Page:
Shimmering in gold above the pond that bared witness to the passing of time, Kinkakuji (The Golden Pavilion) stands in all its splendor. Nestled in the former Imperial Capital of Japan the Golden Pavilion is one of the Historic Monuments of Ancient Kyoto. Visitors come in thousands to behold the structure that reflects the elegance of ancient Japanese architecture.
The Golden Pavillion’s History
Originally a villa belonging to a statesman named Saionji Kitsune, it was later remodeled by Shogun Ashikaga Yoshimitsu after it was bought in 1397.
The Kinkakuji-complex was later converted as a zen temple after Yoshimitsu’s death by his son according to his dying will. The pavilion and the surrounding complex was burned down twice in the past.
First during the Onin Wars (1467-1477), on which the other buildings except for Kinkakuji was burned down. The second time, the pavilion itself was deliberately set on fire by a monk named Hayashi Yoken on July 2, 1950. Restoration of the pavilion started on 1955 and the golden coating was completed in 1987.
Why is it covered in Gold?
As a Zen Temple, one of the purpose of Kinkakuji was to clear the body and mind of negative thoughts. Gold was believed to have the power to purify and clear away any negativity towards death.
Of course, that’s not only the reason why. During the Muromachi period visual aesthetic was important. To this day, the light that reflects from the pavilion into the pond shows an uncanny golden majesty that is unique to Kinkakuji.
The Golden Pavilion has three floors. The first floor (The Chamber of Dharma Waters) which is influenced by the Shinden Zukuri style, houses the Shaka Buddah and Yoshimitsu statues. It is a style that originated during the Heian Period.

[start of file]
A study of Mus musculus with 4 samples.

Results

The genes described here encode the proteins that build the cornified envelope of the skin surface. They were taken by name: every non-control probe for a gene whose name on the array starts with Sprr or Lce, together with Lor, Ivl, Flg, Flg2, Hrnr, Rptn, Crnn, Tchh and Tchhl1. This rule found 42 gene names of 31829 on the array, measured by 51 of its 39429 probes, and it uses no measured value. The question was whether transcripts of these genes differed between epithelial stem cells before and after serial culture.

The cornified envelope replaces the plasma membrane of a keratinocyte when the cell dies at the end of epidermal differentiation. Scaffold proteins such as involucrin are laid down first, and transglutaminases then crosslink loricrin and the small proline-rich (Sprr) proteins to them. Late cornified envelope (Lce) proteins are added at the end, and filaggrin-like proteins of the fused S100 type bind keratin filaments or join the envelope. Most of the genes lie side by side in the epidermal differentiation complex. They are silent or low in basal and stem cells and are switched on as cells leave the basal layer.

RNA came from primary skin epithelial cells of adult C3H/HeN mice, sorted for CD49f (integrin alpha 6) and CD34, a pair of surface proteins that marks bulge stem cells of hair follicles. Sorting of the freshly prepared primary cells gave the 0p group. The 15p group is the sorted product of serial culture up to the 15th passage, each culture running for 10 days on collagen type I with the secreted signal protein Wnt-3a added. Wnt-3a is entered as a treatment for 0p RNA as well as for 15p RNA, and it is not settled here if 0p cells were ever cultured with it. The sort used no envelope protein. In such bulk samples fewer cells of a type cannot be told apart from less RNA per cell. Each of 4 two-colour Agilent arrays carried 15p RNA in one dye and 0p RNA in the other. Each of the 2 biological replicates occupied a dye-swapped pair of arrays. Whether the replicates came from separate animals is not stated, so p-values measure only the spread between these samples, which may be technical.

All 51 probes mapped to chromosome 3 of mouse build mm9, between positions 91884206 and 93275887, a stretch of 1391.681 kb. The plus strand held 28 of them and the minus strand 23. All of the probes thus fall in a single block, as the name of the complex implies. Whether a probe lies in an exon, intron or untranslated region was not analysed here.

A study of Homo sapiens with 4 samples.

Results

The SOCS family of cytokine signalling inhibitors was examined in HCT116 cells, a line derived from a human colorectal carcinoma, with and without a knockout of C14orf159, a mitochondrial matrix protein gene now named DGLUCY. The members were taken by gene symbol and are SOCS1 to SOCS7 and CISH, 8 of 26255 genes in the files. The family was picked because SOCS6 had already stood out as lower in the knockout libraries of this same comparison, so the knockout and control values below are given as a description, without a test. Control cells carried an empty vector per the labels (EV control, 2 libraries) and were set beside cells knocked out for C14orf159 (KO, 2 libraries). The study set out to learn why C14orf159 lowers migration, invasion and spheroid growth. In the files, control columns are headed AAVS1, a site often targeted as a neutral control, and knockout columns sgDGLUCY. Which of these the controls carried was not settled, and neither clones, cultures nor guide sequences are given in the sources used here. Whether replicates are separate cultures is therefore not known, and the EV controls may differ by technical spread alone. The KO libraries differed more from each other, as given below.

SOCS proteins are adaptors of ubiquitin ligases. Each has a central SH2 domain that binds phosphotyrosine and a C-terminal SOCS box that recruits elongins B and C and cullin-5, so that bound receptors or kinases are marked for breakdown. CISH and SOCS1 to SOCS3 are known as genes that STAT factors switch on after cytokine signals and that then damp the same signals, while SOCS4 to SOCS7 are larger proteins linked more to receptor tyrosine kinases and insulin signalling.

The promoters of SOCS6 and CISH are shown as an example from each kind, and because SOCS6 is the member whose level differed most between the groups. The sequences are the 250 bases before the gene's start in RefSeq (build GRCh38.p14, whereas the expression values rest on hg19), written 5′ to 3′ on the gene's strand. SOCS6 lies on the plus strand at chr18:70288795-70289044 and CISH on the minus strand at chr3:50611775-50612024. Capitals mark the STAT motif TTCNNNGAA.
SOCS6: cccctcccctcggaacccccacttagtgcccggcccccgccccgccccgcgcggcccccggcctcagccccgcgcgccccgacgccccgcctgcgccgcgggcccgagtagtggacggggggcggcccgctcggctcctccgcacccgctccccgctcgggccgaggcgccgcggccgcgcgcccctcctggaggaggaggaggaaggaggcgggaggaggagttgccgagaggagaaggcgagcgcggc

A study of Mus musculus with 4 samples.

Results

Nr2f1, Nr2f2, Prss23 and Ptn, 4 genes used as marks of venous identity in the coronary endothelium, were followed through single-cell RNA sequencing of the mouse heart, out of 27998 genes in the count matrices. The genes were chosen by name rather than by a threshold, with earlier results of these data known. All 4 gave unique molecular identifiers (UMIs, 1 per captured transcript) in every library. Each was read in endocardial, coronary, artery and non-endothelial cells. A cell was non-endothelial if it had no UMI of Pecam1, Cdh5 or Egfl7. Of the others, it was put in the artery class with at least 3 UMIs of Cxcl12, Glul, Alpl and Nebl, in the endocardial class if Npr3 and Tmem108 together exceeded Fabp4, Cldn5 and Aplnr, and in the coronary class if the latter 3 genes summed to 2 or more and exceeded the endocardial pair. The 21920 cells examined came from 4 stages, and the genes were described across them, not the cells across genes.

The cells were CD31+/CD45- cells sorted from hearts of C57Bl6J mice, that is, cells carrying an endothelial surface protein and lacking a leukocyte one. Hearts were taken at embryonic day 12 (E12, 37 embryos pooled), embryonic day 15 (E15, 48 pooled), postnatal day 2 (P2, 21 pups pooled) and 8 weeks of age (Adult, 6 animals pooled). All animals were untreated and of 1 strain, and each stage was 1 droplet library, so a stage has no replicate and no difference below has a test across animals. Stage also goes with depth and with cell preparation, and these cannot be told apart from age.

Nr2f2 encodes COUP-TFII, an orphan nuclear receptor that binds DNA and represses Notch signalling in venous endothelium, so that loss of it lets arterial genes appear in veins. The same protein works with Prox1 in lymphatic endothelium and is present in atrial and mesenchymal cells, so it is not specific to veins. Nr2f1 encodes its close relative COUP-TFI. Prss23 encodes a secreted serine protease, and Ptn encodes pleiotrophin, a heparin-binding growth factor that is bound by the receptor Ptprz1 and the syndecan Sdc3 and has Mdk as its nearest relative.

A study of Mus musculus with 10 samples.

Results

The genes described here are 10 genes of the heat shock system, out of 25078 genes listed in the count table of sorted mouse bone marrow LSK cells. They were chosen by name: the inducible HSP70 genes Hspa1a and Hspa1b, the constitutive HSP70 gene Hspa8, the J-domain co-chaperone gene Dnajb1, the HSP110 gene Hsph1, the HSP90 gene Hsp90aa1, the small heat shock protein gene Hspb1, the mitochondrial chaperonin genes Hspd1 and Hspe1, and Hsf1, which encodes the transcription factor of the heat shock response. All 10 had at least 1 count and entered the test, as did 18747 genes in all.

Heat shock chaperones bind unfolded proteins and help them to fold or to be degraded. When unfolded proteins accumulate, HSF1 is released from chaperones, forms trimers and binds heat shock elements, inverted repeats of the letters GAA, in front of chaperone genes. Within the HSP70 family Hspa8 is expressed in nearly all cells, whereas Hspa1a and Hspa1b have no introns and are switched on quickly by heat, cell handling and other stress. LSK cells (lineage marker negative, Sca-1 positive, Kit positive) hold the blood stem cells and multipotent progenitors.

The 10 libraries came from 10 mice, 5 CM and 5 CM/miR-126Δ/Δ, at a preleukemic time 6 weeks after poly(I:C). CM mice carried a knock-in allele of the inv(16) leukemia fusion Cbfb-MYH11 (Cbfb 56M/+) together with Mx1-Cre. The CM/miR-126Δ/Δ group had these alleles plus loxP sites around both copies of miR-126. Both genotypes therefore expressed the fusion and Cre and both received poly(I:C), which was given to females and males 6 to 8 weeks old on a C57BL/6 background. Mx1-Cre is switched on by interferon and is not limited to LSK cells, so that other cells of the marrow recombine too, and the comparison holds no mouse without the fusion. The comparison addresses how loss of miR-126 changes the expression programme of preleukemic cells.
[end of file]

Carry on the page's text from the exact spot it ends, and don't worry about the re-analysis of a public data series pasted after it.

The second floor (The Tower of Sound Waves), is designed in Buke Zukuri or most commonly referred to as the “Samurai Style”. The most notable feature of this floor is the Buddha hall where a shrine is dedicated to the Goddess of Mercy “Kannon”.
The third floor (Cupola of the Ultimate) is built in the style of Zenshu Butsuden Zukuri. Here, the ambiance of religion is heavily emphasized. Take note that visitors are not allowed to enter the interior of the pavilion.
Best Time to Visit Kinkakuji
To experience Kinkakuji to the fullest, it is advisable to visit it as the season changes. During Summer the vivid green becomes the perfect background for the golden reflection of the Pavilion. When Autumn comes, the garden is covered in red and yellow as if to further enhance the image that ripples on the ponds surface.
In winter, the pavilion is coated by pristine white snow. This only lasts for a few days, a moment that you would not want to miss.
Kinkakuji is open daily to the public from 9:00 am – 5:00 pm. The admission fee is ¥ 400 and can be reached by riding a bus. All you need to do is go to the Kyoto Station and find City Bus No. 101 or No. 205. The fee for the bus ride is ¥260 and it will take approximately 40 minutes, before it arrives at the Kinkakuji Michi Bus Stop.